28 May 2022

Sideline View: It doesn't always need to be Sunday

GAA games should be spread out over the weekend

Sideline View: It doesn't always need to be Sunday

Claudy and Foreglen's draw in 2019 was a great advert for Friday night games. (Pic: Mary K Burke)

Two o'clock and half three. Before inter-county football shoehorned the club game into whatever orifice it can find, the senior and reserve double header on a Sunday was set in stone across Derry.

With cars filtering in the lane from after three o'clock, stalwarts would perch themselves along the fence to run their eye over the reserve action. The senior manager's ears would often be burning, as some doting Daddies would question their son's non-selection for the seniors.

“That man hasn't a clue,” you'd sometimes hear.

A stellar showing in the reserve game would have you hauled ashore early, to stay 'fresh' for a cameo senior appearance. Some saw it as elevation. The player himself would be frustrated at having his vintage display cut short.

That's the problem with 'almost' being on the senior team. You're caught between two stools. Everyone else knows where they stand in the pecking order.

'Johnny must be in the seniors' plans,” the auld hands would mumble as he trotted off. He might get five minutes in the senior game. He might get 10. He might get none. It just depended on how things were going.

That's' how it was. If another player on the reserve team, let's call him Paddy, kicked the last two scores, made a goal line block or emptied some man out over the sideline, he'd dine off legendary status.

“You'd some game Paddy,” somebody would tell him, over the wire, as he pulled on a senior sub jersey. “You'd be starting in the seniors every week if I was over that team.”

By the time Paddy pulls up a stool at the bar later that night, and puts manners in his first pint, his bone crunching shoulder challenge has now exaggerated ten times over.

“He put yer man through the wire,” would be the latest. And nobody is going to dampen a good story.

That was Sunday every week in the club leagues. Tuesday night at training was the time to put in your shout for the senior team next week. And so the cycle continued.

The alternative is playing the reserve game afterwards, with anyone not getting a decent length of time in the senior game will get their fill of football. But the self esteem must take an awful battering as almost everyone leaves after the senior game. It depends what your take is.

As much as that model served the GAA well, it has its downfall. With the level of preparation at club level going through the roof, the whole week's diet, rest and social life revolves around the Sunday.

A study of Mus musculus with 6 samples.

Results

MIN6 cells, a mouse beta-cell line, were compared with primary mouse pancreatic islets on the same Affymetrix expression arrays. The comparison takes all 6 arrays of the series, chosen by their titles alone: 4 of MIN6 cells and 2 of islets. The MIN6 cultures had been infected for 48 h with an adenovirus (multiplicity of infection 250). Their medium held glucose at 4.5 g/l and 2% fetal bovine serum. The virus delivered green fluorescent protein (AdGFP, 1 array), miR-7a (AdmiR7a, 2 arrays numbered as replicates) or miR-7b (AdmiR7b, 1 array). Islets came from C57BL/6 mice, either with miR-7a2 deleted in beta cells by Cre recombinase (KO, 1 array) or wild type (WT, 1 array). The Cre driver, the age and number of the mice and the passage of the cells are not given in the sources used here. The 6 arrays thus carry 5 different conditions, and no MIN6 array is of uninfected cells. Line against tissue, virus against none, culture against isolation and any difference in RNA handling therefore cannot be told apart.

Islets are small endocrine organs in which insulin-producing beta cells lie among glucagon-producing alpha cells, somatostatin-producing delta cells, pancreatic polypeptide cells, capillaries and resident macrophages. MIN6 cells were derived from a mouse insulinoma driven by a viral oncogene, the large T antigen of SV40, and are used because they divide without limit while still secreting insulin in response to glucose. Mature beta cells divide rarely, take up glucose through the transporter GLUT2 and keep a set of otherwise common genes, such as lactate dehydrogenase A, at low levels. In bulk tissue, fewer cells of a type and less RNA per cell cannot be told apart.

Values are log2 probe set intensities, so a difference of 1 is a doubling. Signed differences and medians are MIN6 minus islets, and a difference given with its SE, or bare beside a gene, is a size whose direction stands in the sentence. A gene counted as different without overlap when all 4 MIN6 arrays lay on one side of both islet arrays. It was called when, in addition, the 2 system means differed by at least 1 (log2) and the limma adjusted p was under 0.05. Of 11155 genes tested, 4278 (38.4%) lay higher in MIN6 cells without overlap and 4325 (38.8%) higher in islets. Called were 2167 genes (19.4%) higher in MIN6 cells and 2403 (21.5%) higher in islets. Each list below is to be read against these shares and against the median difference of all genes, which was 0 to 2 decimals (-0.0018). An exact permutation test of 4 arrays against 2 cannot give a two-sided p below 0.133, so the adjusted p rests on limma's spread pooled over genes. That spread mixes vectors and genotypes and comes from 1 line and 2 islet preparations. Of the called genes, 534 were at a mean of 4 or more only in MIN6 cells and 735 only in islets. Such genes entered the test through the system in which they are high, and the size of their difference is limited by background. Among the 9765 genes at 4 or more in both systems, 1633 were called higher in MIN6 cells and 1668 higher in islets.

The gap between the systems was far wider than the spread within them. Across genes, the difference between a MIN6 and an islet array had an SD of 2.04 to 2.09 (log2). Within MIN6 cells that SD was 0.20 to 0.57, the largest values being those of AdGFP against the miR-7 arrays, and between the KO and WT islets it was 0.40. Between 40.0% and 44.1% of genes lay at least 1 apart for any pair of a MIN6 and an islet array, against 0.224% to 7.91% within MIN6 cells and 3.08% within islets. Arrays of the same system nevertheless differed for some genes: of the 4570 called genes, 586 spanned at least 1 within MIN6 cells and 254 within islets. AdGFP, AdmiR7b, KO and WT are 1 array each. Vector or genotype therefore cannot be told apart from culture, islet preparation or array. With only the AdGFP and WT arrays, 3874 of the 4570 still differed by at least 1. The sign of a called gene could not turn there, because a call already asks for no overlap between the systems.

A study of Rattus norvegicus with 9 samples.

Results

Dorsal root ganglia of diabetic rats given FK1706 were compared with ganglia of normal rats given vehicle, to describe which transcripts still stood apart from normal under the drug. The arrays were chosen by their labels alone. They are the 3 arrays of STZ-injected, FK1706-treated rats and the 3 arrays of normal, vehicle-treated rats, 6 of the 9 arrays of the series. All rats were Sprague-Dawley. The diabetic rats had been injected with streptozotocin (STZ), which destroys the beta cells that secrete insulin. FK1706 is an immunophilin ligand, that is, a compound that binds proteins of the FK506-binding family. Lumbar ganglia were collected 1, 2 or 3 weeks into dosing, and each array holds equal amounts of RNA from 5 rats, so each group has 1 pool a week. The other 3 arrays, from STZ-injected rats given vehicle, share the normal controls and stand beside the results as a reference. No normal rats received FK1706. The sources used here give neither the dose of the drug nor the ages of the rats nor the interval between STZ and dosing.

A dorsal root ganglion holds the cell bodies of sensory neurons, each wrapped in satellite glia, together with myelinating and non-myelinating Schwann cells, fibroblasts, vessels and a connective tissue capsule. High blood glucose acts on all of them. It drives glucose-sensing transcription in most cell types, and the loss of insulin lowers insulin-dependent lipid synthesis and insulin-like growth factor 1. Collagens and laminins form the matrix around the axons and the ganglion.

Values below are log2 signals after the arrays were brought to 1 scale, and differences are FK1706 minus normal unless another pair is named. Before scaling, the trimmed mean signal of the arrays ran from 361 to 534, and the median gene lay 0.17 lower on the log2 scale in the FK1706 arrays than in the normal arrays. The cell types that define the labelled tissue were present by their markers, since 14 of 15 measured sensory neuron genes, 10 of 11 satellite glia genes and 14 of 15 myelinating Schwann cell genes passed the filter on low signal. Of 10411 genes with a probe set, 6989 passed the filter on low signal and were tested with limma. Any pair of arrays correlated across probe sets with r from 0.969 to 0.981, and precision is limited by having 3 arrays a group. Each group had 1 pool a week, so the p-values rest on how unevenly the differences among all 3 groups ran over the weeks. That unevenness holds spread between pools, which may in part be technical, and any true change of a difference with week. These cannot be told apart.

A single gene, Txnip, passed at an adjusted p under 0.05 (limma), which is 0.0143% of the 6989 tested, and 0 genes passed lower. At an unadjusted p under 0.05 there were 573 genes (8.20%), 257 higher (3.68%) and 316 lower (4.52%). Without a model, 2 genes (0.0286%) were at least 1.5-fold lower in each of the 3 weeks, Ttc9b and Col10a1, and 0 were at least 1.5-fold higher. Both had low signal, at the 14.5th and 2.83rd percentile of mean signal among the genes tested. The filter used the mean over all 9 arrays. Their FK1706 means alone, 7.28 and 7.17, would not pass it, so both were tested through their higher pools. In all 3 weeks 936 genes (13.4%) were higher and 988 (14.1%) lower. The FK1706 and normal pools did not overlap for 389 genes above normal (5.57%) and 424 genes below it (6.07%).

Social media went into meltdown last week, with everyone salivating over their Friday night slot for senior games, like Down's tried and tested formula.

In theory, it is a great idea. Friday night pints. Saturday and Sunday to take your better half or family out for the day Training on a Monday and Wednesday night, ready to go again.

There are two drawbacks. At the height of the Celtic Tiger, with players working in Dublin or further afield, it was a squeeze to get home for a training session at eight o'clock, never mind racing home for six o'clock to play a reserve game as part of a double header.

Secondly, splitting the reserve and senior games to different days leaves twice the amount of travel, for the fringe senior players who will be on both squads, while leaving you back where you started with a reserve game on the Sunday.

For me, Saturday six o'clock and half seven is the answer. It is somewhere in between. It leaves Saturday night free for players to do as they please and get themselves in order for training the following week.

The only people it will affect are those who are mixing their GAA with the local soccer or rugby team. But, maybe this is where a compromise needs to be reached.

In some places, soccer and rugby keep players' fitness ticking over during the off-season. And vice versa.

Rather than going loggerheads, clubs could select a certain number of their games for Sunday until the soccer and rugby seasons are over, before moving to Saturday. It wouldn't be every club.

In a way, it also gives local GAA clubs an advantage. How many times have you wanted to go and watch the crunch game of the weekend, but can't because you have a game of your own.

I always use the example of going to watch Lavey and Ballinderry in a late Sunday evening game. The rest of Derry had the chance to call in on their way home. There was a bumper crowd and an electric atmosphere for players.

Everybody is a winner. So of the 11 games in the Derry 1A and 1B leagues, have half on a Sunday, half on a Saturday and one on a Friday night. Set the dates in stone, which gives players six free Sundays they wouldn't normally have had.

There is the option of taking your kids to the pool, book a weekend away, nurse a hangover or watch a county game. The licence to do any of those things will make GAA less of a strain on the weekend.

The Sunday fixture does suit the supporter, but they aren't obliged to go to a game every weekend and if they do, it'll take up three hours at the most.

Players are different. They'll dedicate Tuesday, Thursday and Sunday, with all the sacrifices they make in between. Their voice should be heard above the rest.

Imagine the weekend Paddy would have, living off kicking three points to win the reserve game and pummelling the opposition's hatchet man in the process.